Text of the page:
In November 1998, the Canadian and United States governments affirmed a new approach for understanding and cooperatively addressing shared water concerns along the boundary: the International Watersheds Initiative, or IWI.
Proposed by the IJC in its report “The IJC and the 21st Century,” the program has shaped how the IJC and people in transboundary regions have worked together over the last 25 years.
Throughout 2023, the 25th anniversary for the program, we’ll be highlighting different aspects of the IWI and what makes it such a powerful approach in these shared waters.
But first, the IWI deserves an introduction.
The program stems from a 1997 request from the two federal governments for the IJC to develop an approach to help the countries meet their environmental responsibilities under the 1909 Boundary Waters Treaty into the new millennium.
This included a particular emphasis on emerging issues, including those driven by climate change (such as extreme water events and their impact on water quality and aquatic ecosystems). In the “IJC and the 21st Century report, the IJC recommended a “watershed approach” to handling water issues along the international boundary.
In practice, a watershed approach considers all the different aspects of these water systems from a hydrological perspective and looks for solutions to problems with this broader view in mind. These emerging issues can include contamination, invasive species, climate change and more—the IWI recognizes that all of these aspects of the watershed are linked, and the most effective approach to addressing them is to take those relationships into account.
A key component of any watershed is its people. The IWI program succeeds by building local relationships which provide a basis for understanding the issues and leveraging informed perspectives to prevent disputes before they become significant problems. This is water diplomacy at its best, and the IWI has proven itself to be a model for international water strategy.
Over the ensuing years, the IJC worked with the two governments to establish watershed boards in three transboundary basins: the Red River, the St. Croix River and the Rainy-Lake of the Woods system. A pilot watershed board was established in the Souris River basin.
Many of these areas were previously home to separate IJC boards managing water levels and flows and those monitoring water quality. Through the IWI, all these responsibilities were linked. This approach offers a more effective way of dealing with new and emerging threats than traditional methods.
Watershed boards under the IWI approach provide a significant opportunity for Indigenous and state, provincial and local governments to participate.
“This is important, particularly as the previous boards had limited diversity—and certainly a lack of Indigenous representation,” as noted by Frank Ettewageshik and Emma Norman in the book The First Century of the International Joint Commission.
“This approach differs from earlier IJC governance models as it attempts to view borders as hydrological rather than political; it includes sub-national players, and it adopts a ‘proactive’ rather than ‘reactive’ approach.”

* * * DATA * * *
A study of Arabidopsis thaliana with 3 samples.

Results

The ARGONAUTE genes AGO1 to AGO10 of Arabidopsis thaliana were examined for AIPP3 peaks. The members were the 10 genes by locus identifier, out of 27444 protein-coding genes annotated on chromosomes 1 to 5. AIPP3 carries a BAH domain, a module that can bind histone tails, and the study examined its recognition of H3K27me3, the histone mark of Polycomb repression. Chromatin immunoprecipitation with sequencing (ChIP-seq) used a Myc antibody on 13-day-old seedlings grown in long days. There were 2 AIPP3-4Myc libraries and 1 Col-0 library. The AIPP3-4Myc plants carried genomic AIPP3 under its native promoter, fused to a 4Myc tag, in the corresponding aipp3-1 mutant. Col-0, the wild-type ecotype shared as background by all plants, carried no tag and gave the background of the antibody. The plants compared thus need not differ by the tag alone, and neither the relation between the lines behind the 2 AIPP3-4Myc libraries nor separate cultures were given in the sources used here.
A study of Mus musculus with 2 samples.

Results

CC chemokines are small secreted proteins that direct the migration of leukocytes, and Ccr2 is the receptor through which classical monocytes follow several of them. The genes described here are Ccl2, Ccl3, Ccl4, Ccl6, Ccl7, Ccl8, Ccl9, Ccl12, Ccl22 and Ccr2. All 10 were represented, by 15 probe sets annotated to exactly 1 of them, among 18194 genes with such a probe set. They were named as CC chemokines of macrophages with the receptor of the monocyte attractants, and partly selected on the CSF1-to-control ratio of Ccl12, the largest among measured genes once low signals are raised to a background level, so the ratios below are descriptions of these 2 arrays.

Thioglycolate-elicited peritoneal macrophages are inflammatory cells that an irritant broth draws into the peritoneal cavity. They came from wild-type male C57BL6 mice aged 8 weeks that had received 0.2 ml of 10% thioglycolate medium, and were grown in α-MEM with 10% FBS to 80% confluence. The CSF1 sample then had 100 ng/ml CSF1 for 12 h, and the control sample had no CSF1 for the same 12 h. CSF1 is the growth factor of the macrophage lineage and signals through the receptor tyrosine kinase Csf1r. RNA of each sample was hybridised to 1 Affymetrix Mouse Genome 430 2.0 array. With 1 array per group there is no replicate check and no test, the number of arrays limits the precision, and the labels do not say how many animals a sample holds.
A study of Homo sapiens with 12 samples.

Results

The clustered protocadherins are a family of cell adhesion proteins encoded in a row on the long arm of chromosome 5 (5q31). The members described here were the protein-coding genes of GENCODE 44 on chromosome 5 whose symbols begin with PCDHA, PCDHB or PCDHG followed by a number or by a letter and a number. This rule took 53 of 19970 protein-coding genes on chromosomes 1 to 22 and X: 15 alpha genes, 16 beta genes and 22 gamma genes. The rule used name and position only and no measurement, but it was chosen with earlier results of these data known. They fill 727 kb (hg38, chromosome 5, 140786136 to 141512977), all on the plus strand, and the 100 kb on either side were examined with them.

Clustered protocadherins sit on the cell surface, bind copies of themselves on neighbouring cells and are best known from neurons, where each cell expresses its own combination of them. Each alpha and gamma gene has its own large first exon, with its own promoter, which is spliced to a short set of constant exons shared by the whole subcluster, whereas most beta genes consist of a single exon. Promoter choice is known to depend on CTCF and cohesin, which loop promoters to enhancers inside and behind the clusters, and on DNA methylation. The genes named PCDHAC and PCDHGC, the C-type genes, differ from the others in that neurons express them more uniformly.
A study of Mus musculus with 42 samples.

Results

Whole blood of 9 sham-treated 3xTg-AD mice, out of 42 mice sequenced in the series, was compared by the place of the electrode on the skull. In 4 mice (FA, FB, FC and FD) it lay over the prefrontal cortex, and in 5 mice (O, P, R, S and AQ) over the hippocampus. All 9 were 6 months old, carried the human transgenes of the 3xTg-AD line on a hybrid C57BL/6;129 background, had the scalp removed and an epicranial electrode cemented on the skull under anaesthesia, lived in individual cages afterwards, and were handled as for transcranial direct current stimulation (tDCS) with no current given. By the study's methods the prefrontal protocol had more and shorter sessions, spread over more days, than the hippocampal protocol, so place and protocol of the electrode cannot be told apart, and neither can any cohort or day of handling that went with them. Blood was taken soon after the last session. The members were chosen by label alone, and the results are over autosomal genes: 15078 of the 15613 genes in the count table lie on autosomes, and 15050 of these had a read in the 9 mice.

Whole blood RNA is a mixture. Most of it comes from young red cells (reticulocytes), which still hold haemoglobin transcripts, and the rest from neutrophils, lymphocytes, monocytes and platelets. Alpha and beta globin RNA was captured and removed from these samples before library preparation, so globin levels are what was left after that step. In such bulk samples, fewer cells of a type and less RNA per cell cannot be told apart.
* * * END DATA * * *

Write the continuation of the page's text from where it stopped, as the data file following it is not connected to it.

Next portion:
These watershed boards are designed to bring together representatives from local communities, Indigenous Nations, industry, regulators, other stakeholders and dam operators to ensure everybody has a seat at the table when discussing problems and potential solutions facing their watersheds.
Working alongside existing local organizations, these boards are uniquely positioned to provide objective, in-depth scientific research and communally agreed-upon recommendations. This is a framework for moving beyond traditional, top-down binational approaches to embrace a greater emphasis on local perspectives. The IJC aims to eventually bring all of its boards, where applicable, toward the IWI’s watershed board approach.
The IWI goes beyond just the structure of these watershed boards, however.
Through the IWI, the IJC supports projects across the transboundary region that align with the tenets of the initiative and an individual board’s responsibilities. Projects allow both watershed boards and the IJC’s other boards to work with other agencies and organizations in their basins to research specific issues, such as fish passage in the St. Croix River, water quality issues in the Red River, or how water flows may impact plants important to Indigenous Peoples along the Rainy River.
The results of these studies help decision makers on both sides of the border make choices that reflect how interconnected these water systems are. The IWI also has been instrumental in some broad-based scientific initiatives, such as harmonizing geospatial and scientific data collected by Canadian and US agencies, creating computer models to show how nutrients move throughout watersheds and developing a framework to help boards address potential impacts from climate change.
These IWI projects can benefit those who participate with IJC boards and have been shown to have an outsized impact on research and policy. The IWI is able to help leverage outside funding and expertise thanks to in-kind contributions and partnerships.
The IJC’s staff and board members are working together to ensure that the IWI thrives over the next quarter century. The IJC’s experience has shown that the IWI has been a valuable approach to navigating the water challenges of the 21st century and deserves accolades on this anniversary.
Kevin Bunch is a writer-communications specialist at the IJC’s US Section office in Washington, D.C.